As no one very strenuously opposed the scheme, the question was soon decided, and Ungque was commissioned to communicate the result to the captives. One exception, however, was to be made in favor of the missionary. His object appeared to be peaceful, and it was determined that he should be led a short distance into the surrounding thicket, and be there put to death, without any attempt to torture, or aggravate his sufferings. As a mark of singular respect, it was also decided not to scalp him.
As Ungque, and those associated with him, led the missionary to the place of execution, the former artfully invited Peter to follow. This was done simply because the Weasel saw that it would now be unpleasant to the man he hated—hated merely because he possessed an influence that he coveted for himself.
“My father will see a pleasant sight,” said the wily Weasel, as he walked at Peter’s side, toward the indicated spot; “he will see a pale-face die, and know that his foot has been put upon another worm.”
No answer was made to this ironical remark, but Peter walked in silence to the place where the missionary was stationed, surrounded by a guard. Ungque now advanced and spoke.
“It is time for the medicine-priest of the pale-faces to start after the spirits of his people who have gone before him,” he said. “The path is long, and unless he walks fast, and starts soon, he may not overtake them. I hope he will see some of them that helped to kill the Son of his Great Spirit, starving, and foot-sore, on the way.”
“I understand you,” returned the missionary, after a few moments passed in recovering from the shock of this communication. “My hour is come. I have held my life in my hand ever since I first put foot in this heathen region, and if it be the Creator’s will that I am now to die, I bow to the decree. Grant me a few minutes for prayer to my God.”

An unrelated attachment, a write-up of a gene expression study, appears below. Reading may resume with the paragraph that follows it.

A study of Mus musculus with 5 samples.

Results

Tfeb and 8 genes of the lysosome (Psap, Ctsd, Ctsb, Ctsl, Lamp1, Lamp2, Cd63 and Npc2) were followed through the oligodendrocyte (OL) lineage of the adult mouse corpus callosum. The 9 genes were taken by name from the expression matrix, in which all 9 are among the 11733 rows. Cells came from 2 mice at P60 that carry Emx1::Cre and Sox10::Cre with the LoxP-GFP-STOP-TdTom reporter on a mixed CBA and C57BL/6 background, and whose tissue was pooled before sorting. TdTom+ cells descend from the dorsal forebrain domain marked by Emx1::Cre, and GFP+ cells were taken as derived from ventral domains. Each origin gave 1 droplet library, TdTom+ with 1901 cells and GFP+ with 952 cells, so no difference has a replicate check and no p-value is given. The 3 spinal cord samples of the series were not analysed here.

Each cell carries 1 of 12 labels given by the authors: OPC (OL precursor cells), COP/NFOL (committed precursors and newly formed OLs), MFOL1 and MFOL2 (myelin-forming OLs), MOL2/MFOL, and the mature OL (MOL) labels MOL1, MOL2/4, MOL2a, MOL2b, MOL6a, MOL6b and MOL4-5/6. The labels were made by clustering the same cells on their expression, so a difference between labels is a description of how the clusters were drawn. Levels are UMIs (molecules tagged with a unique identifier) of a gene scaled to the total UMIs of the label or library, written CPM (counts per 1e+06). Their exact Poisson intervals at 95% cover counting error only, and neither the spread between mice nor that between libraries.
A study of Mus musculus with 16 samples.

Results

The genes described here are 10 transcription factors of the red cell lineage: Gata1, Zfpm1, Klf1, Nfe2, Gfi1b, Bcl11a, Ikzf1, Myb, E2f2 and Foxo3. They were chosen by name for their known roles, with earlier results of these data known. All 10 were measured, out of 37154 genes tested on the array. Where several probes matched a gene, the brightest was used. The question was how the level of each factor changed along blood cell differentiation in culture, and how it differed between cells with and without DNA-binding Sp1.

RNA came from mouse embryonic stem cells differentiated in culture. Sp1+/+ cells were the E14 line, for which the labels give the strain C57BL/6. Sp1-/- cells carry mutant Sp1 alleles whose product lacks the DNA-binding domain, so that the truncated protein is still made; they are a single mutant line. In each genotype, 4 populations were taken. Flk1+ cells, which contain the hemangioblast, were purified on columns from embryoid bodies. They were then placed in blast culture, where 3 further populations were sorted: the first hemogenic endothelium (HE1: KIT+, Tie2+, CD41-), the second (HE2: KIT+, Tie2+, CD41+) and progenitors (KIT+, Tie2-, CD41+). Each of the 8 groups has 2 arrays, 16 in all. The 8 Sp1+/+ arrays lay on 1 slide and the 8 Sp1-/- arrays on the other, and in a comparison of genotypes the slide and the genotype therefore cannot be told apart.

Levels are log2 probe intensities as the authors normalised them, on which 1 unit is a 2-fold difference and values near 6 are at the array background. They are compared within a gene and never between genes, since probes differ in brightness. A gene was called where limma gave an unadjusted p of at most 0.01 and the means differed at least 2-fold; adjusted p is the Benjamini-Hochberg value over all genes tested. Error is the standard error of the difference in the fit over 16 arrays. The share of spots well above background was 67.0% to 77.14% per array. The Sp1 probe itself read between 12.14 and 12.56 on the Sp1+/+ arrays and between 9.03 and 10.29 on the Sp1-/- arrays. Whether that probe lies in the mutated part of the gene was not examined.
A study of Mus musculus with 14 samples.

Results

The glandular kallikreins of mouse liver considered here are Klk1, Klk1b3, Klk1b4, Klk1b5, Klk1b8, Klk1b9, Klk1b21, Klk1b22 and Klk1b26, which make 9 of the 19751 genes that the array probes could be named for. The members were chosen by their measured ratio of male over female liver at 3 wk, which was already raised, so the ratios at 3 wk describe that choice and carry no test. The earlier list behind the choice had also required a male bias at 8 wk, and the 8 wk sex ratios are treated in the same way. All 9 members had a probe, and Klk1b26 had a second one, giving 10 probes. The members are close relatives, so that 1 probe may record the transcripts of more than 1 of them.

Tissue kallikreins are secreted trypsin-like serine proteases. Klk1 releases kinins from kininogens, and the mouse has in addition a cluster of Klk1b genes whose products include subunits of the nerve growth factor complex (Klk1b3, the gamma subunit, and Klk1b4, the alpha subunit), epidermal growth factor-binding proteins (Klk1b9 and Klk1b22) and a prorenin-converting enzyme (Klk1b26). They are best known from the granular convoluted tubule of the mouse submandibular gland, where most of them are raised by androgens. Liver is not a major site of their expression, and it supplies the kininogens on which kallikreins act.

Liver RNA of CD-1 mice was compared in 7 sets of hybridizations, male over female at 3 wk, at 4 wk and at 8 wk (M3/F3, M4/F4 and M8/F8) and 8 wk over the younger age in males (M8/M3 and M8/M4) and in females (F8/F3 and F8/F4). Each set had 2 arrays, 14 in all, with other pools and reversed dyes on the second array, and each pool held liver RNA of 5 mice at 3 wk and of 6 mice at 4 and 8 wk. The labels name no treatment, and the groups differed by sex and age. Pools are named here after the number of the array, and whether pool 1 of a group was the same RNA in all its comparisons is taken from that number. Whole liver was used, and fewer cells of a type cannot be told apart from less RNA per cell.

Ungque signed that the delay should be granted. The missionary uncovered his head, knelt, and again lifted up his voice in prayer. At first the tones were a little tremulous; but they grew firmer as he proceeded. Soon they became as serene as usual. He first asked mercy for himself, threw all his hopes on the great atonement, and confessed how far he was from that holiness which alone could fit him to see God. When this duty was performed, he prayed for his enemies. The language used was his mother tongue, but Peter comprehended most of that which was said. He heard his own people prayed for; he heard his own name mentioned, as the condemned man asked the mercy of the Manitou in his behalf. Never before was the soul of this extraordinary savage so shaken. The past seemed like a dream to him, while the future possessed a light that was still obscured by clouds. Here was an exemplification in practice of that divine spirit of love and benevolence which had struck him, already, as so very wonderful. There could be no mistake. There was the kneeling captive, and his words, clear, distinct, and imploring, ascended through the cover of the bushes to the throne of God.